July 18, 2015 12:21 pm
Updated: July 19, 2015 9:21 am

KKK, Black Panther affiliate plan coinciding rallies at South Carolina Capitol


Tensions are expected to be high in South Carolina on Saturday as a chapter of the Ku Klux Klan and an African-American group have planned coinciding demonstrations in front of the Statehouse over the controversial Confederate flag.


READ MORE: Charleston shooting, is forgiveness really best for the community?

South Carolina Gov. Nikki Haley urged residents to steer clear of the “hateful” Klan rally which is scheduled for 3 p.m.

“Our family hopes the people of South Carolina will join us in staying away from the disruptive, hateful spectacle members of the Ku Klux Klan hope to create over the weekend and instead focus on what brings us together,” Haley said in a statement posted to her Facebook page.

The flag was removed from the Statehouse grounds on July 10, following contentious debate among state senators.  Rev. Clementa Pinckney, a South Carolina state senator, was one of the victims killed in the Charleston shootings.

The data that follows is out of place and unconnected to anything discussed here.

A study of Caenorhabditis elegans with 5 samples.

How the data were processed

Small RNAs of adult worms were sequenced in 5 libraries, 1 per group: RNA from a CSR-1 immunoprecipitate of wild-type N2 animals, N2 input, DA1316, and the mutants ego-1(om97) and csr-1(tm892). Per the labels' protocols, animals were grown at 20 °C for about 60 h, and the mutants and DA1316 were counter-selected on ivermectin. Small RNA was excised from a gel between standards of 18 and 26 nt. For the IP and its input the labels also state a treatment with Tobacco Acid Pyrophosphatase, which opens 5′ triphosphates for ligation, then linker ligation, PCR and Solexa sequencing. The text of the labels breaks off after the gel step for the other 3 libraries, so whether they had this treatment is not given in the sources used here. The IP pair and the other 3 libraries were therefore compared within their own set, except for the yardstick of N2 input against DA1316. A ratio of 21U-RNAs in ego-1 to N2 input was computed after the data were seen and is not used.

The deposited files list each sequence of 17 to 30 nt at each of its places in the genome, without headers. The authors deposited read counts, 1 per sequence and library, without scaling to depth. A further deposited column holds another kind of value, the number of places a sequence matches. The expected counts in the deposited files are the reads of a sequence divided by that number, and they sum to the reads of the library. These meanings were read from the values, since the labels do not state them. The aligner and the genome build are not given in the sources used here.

READ MORE: After another church burns in the U.S., many asking #WhoisBurningBlackChurches?

The Loyal White Knights of the Ku Klux Klan, a Pelham, North Carolina-based chapter calls itself “the largest Klan in America,” and expects about 200 people to attend its demonstration, planned from 3 p.m. to 5 p.m., according to The State newspaper based in Columbia.

Meanwhile, a Florida based African-American activist group called the Black Educators for Justice is expecting  roughly 300 people at its protest from noon to 4 p.m. Saturday.

READ MORE: ‘Gone with the Wind’ should go the way of Confederate flag says movie critic

The group is run by James Evans Muhammad, a former director of the New Black Panther Party, who told The State the removal of the flag “an illusion of progress.”

“Ever since slavery started in America, whites have the privilege of freedom that blacks in South Carolina do not have,” Muhammad told the paper. “White privilege had stuck a knife in black people back in South Carolina and America as a whole. You can’t pull a 12-inch knife out two inches and call that progress.”

The two protests are scheduled to overlap from 3 to 4 p.m.

A call to the Loyal White Knights was not returned, but an automated message at the chapter’s listed phone number said its members will be “standing up for our Confederate history and all the Southerners who fought and died against federal tyranny. Our government is trying to erase white culture and our heritage right out of the pages of our history books.”